Australia's House of Representatives passed national anti-spam legislation today that would penalize repeat spam offenders as much as $733,000 (U.S.), in addition to unlimited legal fees.
The Aussie spam bill pertains only to spam that originates in its homeland, although it did not go without mention in the House of Representatives that the majority of unwanted emails soliciting anything from Viagra, penile enlargement, to pornographic material seem to originate in the U.S.
Australian Minister for Communications Senator Richard Alston strongly urged the U.S. to consider implementing more effective anti-spam legislation to help ease the worldwide blight of unrelenting email clutter.
"The bulk of spam seems to originate in the U.S. and if the U.S. goes down the same path as us by adopting an opt-in model, then I think that will make a very big difference," Alston said in a statement.
"We're not so much interested in prosecuting people as stopping spamming, and if we can stop it by deterring them with serious penalties and an effective enforcement regime then I think we'll achieve our objective," Alston continued.
The new legislation will be enforced by the Australian Communications Authority and will not prosecute anyone who accidentally sends an email to a non-consenting recipient.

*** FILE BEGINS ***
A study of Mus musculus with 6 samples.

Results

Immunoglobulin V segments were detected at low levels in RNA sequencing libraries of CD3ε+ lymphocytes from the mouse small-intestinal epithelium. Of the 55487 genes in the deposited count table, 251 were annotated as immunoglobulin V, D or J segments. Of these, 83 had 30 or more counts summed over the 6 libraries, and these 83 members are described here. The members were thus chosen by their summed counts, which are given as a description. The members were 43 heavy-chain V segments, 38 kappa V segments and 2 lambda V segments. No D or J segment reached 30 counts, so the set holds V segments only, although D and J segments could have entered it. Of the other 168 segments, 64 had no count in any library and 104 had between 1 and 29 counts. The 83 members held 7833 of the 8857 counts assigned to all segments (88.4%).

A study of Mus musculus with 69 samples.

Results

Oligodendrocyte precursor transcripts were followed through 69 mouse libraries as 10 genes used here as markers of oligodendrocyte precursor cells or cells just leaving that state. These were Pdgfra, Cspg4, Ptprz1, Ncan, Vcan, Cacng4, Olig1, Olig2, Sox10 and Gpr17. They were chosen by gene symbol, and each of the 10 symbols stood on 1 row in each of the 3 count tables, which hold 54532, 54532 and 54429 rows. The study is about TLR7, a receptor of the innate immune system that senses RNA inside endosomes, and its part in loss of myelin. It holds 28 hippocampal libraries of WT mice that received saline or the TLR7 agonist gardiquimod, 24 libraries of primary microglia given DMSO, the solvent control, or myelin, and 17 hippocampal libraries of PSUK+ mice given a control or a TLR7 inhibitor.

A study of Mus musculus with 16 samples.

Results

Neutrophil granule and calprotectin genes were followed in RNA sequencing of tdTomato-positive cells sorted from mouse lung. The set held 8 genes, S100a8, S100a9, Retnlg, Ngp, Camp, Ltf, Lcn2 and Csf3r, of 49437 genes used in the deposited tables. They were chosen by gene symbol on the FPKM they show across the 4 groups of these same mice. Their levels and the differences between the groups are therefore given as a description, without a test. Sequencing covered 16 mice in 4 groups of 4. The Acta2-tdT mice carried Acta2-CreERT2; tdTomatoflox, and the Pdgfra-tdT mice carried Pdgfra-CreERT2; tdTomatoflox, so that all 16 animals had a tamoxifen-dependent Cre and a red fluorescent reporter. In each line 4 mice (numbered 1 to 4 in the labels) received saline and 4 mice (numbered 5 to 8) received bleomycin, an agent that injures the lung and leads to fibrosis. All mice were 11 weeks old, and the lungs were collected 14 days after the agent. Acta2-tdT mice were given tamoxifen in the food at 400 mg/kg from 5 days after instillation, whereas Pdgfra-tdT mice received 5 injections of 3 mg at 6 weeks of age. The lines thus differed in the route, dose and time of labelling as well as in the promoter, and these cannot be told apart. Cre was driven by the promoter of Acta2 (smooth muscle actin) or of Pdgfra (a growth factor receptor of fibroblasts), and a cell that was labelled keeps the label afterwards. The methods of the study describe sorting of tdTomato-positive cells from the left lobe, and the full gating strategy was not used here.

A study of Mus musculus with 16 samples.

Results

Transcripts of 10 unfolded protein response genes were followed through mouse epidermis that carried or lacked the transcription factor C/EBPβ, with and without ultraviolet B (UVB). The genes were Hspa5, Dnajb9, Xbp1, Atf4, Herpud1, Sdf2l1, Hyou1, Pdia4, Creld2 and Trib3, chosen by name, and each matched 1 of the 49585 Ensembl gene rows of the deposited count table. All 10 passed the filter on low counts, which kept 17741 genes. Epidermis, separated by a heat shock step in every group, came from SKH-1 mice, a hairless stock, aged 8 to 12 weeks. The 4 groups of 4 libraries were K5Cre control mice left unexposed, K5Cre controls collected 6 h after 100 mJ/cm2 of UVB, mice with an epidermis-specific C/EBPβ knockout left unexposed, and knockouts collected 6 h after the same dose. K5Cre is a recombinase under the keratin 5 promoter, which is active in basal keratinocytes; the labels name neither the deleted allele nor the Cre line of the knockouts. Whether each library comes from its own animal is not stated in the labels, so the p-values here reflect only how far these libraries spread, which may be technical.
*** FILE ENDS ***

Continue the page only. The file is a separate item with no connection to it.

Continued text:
The new law will also put a ban on all electronic email harvesting tools, but it will not affect email marketing companies that have established an opt-in database of email addresses.
In a similar move, Britain followed suit by passing a law that fines spammers upwards of $8,057 (U.S) if convicted on charges of spamming via email or text messaging. That law would only cover home users and goes into effect on Dec. 11, 2003.
The new law will be enforced by Britain's Office of the Information Commissioner, it was announced.
A British watchdog group claims that more than half of all emails received go under the category of "spam," which is defined as email communication that is not consensual.
Spam is a virulent form of transmitting computer viruses and worms, and has also become popularized lately as a form of identity theft or "spoofing" as it is called, where online marketers use bogus return email addresses associated with legitimate companies.
Amazon.com is currently in litigation against 11 online marketers that it claims used its company name to sell products without consent.
Joining its European counterpart, Italy recently stepped up the plate and drafted a law that would fine spammers up to $100,000 (U.S.) and in some cases would carry a three-year prison term. The Italian government sent out a stiff warning to bulk emailers to make sure that each and every address recipient in their database has willingly opted in.
In the meantime Bill SB 186 was passed this week in the California Legislature banning all unsolicited commercial email and enabling state residents to sue violators for up to $1 million in damages.
Under the terms of the California bill, penalties can be avoided if the email sender contains ADV or ADV:ADLT in the subject line and provides a valid unsubscribe link or toll-free number.
Governor Gray Davis has until Oct. 11 to sign SB 186 into law.